House calls to the homeless


Two to three nights a week, he rubbed dirt in his hair and muddied up his jeans and shirt before walking the dark streets of Pittsburgh, searching for the very people he was trying to emulate.

Withers wanted to connect with those who had been excluded from his care.

“I was actually really shocked how ill people were on the street. It was like going to a third-world country,” he said. “Young, old, people with mental illness, runaway kids, women (who) fled domestic violence, veterans. And they all have their own story.”

Homelessness costs the medical system a lot of money. Individuals often end up in emergency rooms, and stay there longer, because their illnesses go untreated and can lead to complications.

For 23 years, Withers has been treating the homeless — under bridges, in alleys and along riverbanks.

“We realized that this was something that could be addressed. We could make ‘house calls,’ ” he said. It’s something that Withers’ father, a rural doctor, often did.

Withers’ one-man mission became a citywide program called Operation Safety Net. Since 1992, the group has reached more than 10,000 individuals and helped more than 1,200 of them transition into housing.

In addition to street rounds, the program has a mobile van, drop-in centers and a primary health clinic, all where the homeless can access medical care.

Today, Withers is also fostering a global “street medicine” movement. His nonprofit, the Street Medicine Institute, supports communities in starting programs of their own. Its network includes dozens of teams in the United States and around the world.


CNN: How does it work, doing rounds in homeless camps?

Dr. Jim Withers: It can be a challenge to keep up with where the camps are. The homeless are often evicted. Their belongings are taken. And so they have to keep moving. And therefore we have to keep moving to keep up to date on their camps.

Doing walking rounds, we try to keep our team down to four people. We don’t want to invade (their space) with a lot of people. It’s their home. So there’s an outreach expert who knows the field and knows the people. There’s myself or a medical person, and then we always have a student or two. And we bring a social worker with us.

We’ll go into the camp, and we make sure they’re OK with us coming in. Almost all the homeless are cordial, if not downright really friendly. And we just join them, and they can express what’s going on. We always try then to check in with how they’re doing medically. If they have insurance, if they have medicines that they should be on that they ran out of. Do they have a doctor? “Did you get that looked at?” What’s important to the patient, the person, is our priority.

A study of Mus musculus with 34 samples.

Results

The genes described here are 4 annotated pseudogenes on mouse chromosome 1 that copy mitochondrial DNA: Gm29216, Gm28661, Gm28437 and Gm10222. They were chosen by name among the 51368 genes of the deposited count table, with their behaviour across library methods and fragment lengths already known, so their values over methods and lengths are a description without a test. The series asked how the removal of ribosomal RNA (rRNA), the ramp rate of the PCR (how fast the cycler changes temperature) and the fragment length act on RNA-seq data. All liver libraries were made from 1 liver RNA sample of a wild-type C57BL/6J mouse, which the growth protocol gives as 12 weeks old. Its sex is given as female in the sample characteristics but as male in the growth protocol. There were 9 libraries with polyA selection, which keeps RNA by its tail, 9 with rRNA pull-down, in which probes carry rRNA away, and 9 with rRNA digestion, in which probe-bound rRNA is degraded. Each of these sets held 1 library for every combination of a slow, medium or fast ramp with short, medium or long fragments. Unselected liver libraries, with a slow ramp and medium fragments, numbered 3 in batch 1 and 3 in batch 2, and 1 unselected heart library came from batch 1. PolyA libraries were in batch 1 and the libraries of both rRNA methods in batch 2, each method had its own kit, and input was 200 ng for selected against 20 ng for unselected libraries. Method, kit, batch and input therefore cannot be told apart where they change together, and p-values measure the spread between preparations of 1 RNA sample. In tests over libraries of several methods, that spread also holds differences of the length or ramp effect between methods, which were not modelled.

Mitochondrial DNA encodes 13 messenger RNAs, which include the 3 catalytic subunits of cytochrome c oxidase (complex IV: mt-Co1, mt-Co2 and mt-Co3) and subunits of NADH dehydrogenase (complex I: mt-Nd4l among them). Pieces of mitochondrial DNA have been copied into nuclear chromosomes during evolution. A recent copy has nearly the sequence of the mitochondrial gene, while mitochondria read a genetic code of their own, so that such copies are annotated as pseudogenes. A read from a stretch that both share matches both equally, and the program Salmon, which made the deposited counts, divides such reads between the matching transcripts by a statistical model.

The care that we deliver out there is dependent on what’s in our backpacks. We try to emphasize that this is not good enough. Getting (them) into primary care is our goal.

CNN: What ailments do you see out there?

Withers: People on the street, they’re exposed to the elements obviously. So you see a lot of things that have to do with the weather and the difficulties of sleeping out there: frostbite, dehydration, hypothermia. But they also have everyday things, like high blood pressure, diabetes, coughs and colds, pneumonia, injuries.


Below is extracts from an that Dr Jim Whiters wrote:

Iniitially, I didn’t tell the hospital (or my malpractice carrier) what I was doing. My guide was a formerly homeless expert, Mike Sallows. Together, we made house calls under the bridges, along the riverbanks and in the abandoned buildings of Pittsburgh.

A whole new world opened to me. The depth of medical need I saw was exceeded only by the hopelessness of the people I came to know. Each person became inconveniently real to me, and going home to my warm bed became increasingly difficult. But what I also discovered was the profound satisfaction of bringing care directly to those who would otherwise have none. I was becoming part of the street world.

Another reality

In the homeless camps and in the alleys, I found people who had suffered extremes of weather, violence and prejudice. Many were older, confused people; some were war veterans holding on to the last shreds of their dignity; others were simply people who had fallen on hard times and lost hope. I saw hideous leg ulcers and cancers that were untreated. But mostly I saw human beings who had minimal access to loving, effective services.

The street homeless live in another reality. It is often brutal and short. Health issues are secondary to immediate survival, but according to the National Coalition for the Homeless, theaverage life expectancy among that population is estimated between 42 and 52 years, compared with 78 years in the general population. This essentially makes street homelessness one of the most fatal conditions in the United States.

As I watched more and more people die out there, these numbers became a very real experience. Looking in from the streets, I saw my community as a largely hostile, unforgiving place.

The reaction of the non-homeless to those sleeping on the streets is often negative. I know this is born from frustration, but I believe that as long as ignorance and fear dictate how we perceive others, we have little hope of building effective, inclusive solutions. We must get close enough to know each other.

I am also convinced that by “going to the people,” health care can learn to engage people on their terms, holistically building health solutions grounded in their reality. This will potentially make health care delivery more cost effective and efficient as the principles of “street medicine” are applied to other populations. How much we can learn from those who are left out!